The government of Zimbabwe on Tuesday designated October 25 as “Anti-Sanctions Day,” a new “holiday” intended to protest ongoing U.S. sanctions against a number of Zimbabwean officials, including President Emmerson Mnangagwa.
Acting Information Minister Amon Murwira said the purpose of the ersatz “holiday” is to “further amplify the importance of this day to the economic emancipation and well-being of Zimbabwe.”
Voice of America News wryly noted that “tens of thousands of people are expected to be bused to the capital” for demonstrations on Anti-Sanctions Day.
“Participants in Harare will assemble at the Robert Mugabe Square by 06:00 on 25 October 2019, then proceed to the National Sports Stadium at 08:00 for the activities of the day,” Murwira instructed. “Robert Mugabe Square” is an unintentionally hilarious location to organize a state-managed “protest” against sanctions imposed on the corrupt rulers of Zimbabwe.
Those “activities of the day” will reportedly include “solidarity messages, entertainment, presentations of research findings on the background and impact of sanctions, a soccer match between Dynamos and Highlanders Football Clubs, and the anti-sanctions gala to start from 18:00 until morning.”
All of this merriment is expected to cost about $4 million, not a penny of which has been properly budgeted by the Mnangagwa administration. That is a great deal of money to blow on theatrics for a country that is still in economic freefall, suffering from a killer drought so severe that elephants are starving to death, providing health care so poor that it has been compared to genocide, grappling with unemployment so high the government refuses to measure it accurately, and facing perpetual strikes from the lucky few who do have regular jobs.
The Zimbabwean man on the street appears to be aware of these absurd realities but inclined to shrug them off and embrace the opportunity for a little government-funded entertainment, as South Africa’s Independent Online (IOL) reported Tuesday:
Some in the capital struggled to comprehend the rationale behind such events by a government that is failing to pay doctors and buy medicines, but they said they wouldn’t mind the holiday.
“We march, watch soccer, eat, drink and dance the night away … then what next?” asked Chengetedzo Mbundure, an office worker in Harare. “It is unnecessary but it is welcome. Who doesn’t love a holiday?”
Another South African news site, TimesLIVE, sighed that “Mnangagwa’s establishment has not departed from the Mubage era modus operandi,” a reference to the famously corrupt and brutal dictator Robert Mugabe, who ruled Zimbabwe across decades of decline before his old henchman Mnangagwa was finally able to depose him in a coup.
TimesLIVE suggested Mnangagwa’s insistence on “drumming up a sideshow” to protest sanctions instead of addressing the “harassment of opposition” and “suppression of human rights” that inspired them will convince Western powers to keep those sanctions firmly in place.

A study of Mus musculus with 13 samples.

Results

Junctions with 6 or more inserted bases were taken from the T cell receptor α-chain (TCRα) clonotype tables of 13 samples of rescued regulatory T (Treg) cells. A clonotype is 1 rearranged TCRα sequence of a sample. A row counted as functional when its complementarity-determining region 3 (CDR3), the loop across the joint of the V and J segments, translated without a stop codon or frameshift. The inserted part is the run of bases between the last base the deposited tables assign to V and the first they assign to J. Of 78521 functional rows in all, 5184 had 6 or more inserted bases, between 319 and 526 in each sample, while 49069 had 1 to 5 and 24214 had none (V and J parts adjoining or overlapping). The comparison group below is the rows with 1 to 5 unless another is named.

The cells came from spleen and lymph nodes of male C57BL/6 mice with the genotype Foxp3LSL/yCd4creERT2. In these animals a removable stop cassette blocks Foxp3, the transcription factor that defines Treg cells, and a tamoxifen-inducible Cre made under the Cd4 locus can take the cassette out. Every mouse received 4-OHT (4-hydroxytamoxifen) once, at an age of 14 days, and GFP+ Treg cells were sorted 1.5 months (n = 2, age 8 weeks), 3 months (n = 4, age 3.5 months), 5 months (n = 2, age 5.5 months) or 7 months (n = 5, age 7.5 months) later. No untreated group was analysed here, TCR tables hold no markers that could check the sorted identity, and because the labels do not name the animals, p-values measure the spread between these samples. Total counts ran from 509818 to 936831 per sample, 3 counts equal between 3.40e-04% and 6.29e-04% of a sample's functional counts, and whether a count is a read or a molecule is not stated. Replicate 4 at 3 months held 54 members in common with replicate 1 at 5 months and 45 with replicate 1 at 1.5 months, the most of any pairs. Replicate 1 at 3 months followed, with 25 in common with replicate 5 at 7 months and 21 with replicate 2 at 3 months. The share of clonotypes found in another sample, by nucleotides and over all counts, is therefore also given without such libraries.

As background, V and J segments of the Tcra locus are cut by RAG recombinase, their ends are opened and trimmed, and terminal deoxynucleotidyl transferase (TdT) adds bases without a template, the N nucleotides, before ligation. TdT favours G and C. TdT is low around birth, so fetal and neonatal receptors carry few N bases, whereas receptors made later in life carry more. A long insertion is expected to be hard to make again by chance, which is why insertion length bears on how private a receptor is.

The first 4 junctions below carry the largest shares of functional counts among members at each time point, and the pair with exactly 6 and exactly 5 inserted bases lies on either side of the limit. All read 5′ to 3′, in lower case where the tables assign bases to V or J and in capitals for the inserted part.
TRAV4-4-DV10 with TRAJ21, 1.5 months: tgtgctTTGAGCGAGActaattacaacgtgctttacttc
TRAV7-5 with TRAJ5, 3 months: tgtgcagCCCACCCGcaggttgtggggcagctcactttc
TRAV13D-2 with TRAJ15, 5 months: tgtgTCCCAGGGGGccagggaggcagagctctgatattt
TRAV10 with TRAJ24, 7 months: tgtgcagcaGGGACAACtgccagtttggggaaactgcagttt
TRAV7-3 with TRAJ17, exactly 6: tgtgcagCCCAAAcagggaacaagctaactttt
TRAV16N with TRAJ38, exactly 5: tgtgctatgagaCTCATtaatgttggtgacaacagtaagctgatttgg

The Zimbabwean government said it would organize demonstrations in cities other than the capital of Harare as well, and was counting on other members of the Southern African Development Community (SADC) to commemorate Anti-Sanctions Day by “calling for the removal of the illegal sanctions imposed on Zimbabwe by Western countries.”
The SADC has been on board with “Anti-Sanctions Day” since it was first proposed over the summer. After a summit meeting in August, the SADC lobbied the African Union to embrace the protest as well, claiming the sanctions against Zimbabwean officials are damaging the economy of the entire region.
“We are happy that again it was emphatic that there was no cause or need for sanctions to continue; after all, the basis for the sanctions are not there anymore, and they were illegal at the time when they were imposed by a few Western countries, America and the EU [European Union],” Zimbabwean President Mnangagwa said at the SADC summit.
Both the U.S. and European Union deny their sanctions, all targeted at specific individuals, have any great effect on either Zimbabwe’s economy or the region surrounding it. The Trump administration extended sanctions on 141 Zimbabwean entities and individuals in May despite calls from African leaders to lift them, saying the pressure would remain in place until Mnangagwa changes laws that suppress political opposition and restrict media freedom.
“Our pressure on Zimbabwe remains in place. We are trying to use this pressure to leverage political and economic reforms, human rights observations. We want to see fundamental changes in Zimbabwe and only then will we resume normal relations with them,” U.S. Assistant Secretary of State for Economic and Business Affairs Manisha Singh explained in September 2018.
Many of the U.S. and EU sanctions designate specific individuals for gross human rights violations. For example, in August the U.S. added a travel ban on Anselem Nhamo Sanyatwe, a former military officer and currently Zimbabwe’s ambassador to Tanzania, because he participated in “violent crackdown against unarmed Zimbabweans during post-election protests on August 1, 2018 that resulted in six civilian deaths.”
One particular sanction that would arguably have broad economic effects was added just recently: at the beginning of October, the United States banned the trading of diamonds from Zimbabwe due to allegations of massive corruption in the industry and the use of forced labor at diamond mines.